New Legislation Seeks Tougher Punishments For Sexual Assaults of Unconscious Victims

On the heels of the rape case involving former Stanford University swimmer Brock Turner, a state Assembly panel approved two bills that carry harsh punishments for people who sexually assault unconscious victims, according to the Mercury News.

Monday's unanimous decisions come in the wake of the controversial decision by Santa Clara County Superior Court Judge Aaron Persky to sentence Turner to six months behind bars and three years on probation for sexually assaulting an unconscious woman behind a dumpster in January 2015.

At present, California law stipulates that sexual assault committed against a conscious victim comes with heavier forms of punishment compared to an attack on an unconscious person, according to the Mercury News. The state assembly panels set out to alter that legislation.

Assembly Bill 2888 aims to curb the sentencing flexibility afforded to judges when it pertains to sentencing sexual assaults committed against conscious versus unconscious victims. Approved 6-0, it was written by Santa Clara County District Attorney Jeff Rosen and carried by Assemblymen Evan Low, D-Cupertino, and Bill Dodd, D-Napa, and state Sen. Jerry Hill, the Mercury News said.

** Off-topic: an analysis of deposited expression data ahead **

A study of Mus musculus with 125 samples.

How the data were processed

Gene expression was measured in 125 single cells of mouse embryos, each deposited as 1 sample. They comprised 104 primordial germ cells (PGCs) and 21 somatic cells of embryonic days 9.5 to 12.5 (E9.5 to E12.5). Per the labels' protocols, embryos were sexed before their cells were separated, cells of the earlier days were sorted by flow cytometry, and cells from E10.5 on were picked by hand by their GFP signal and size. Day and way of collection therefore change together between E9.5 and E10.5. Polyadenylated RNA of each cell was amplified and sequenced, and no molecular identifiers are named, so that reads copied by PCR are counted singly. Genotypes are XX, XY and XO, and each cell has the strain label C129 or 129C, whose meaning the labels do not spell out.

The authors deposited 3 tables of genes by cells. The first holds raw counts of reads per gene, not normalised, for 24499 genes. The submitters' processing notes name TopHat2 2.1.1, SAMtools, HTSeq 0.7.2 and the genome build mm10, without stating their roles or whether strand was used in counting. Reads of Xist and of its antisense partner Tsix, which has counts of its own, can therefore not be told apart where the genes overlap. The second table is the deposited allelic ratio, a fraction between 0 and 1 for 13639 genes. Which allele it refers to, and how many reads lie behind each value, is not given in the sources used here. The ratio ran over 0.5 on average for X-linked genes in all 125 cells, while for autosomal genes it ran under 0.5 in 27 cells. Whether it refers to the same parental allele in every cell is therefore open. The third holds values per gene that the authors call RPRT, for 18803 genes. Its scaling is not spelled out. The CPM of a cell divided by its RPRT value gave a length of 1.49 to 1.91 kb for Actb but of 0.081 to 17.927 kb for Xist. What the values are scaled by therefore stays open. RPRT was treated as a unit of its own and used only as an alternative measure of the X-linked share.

Meanwhile Assembly Bill 701 seeks to redefine rape as any form of penetration into any body part, according to the Mercury News. Penned by Assemblywomen Cristina Garcia, D-Bell Gardens, and Susan Eggman, D-Stockton, the bill received a 5-0 vote.

The two new bills will be considered on the California assembly floor next, the Mercury News said.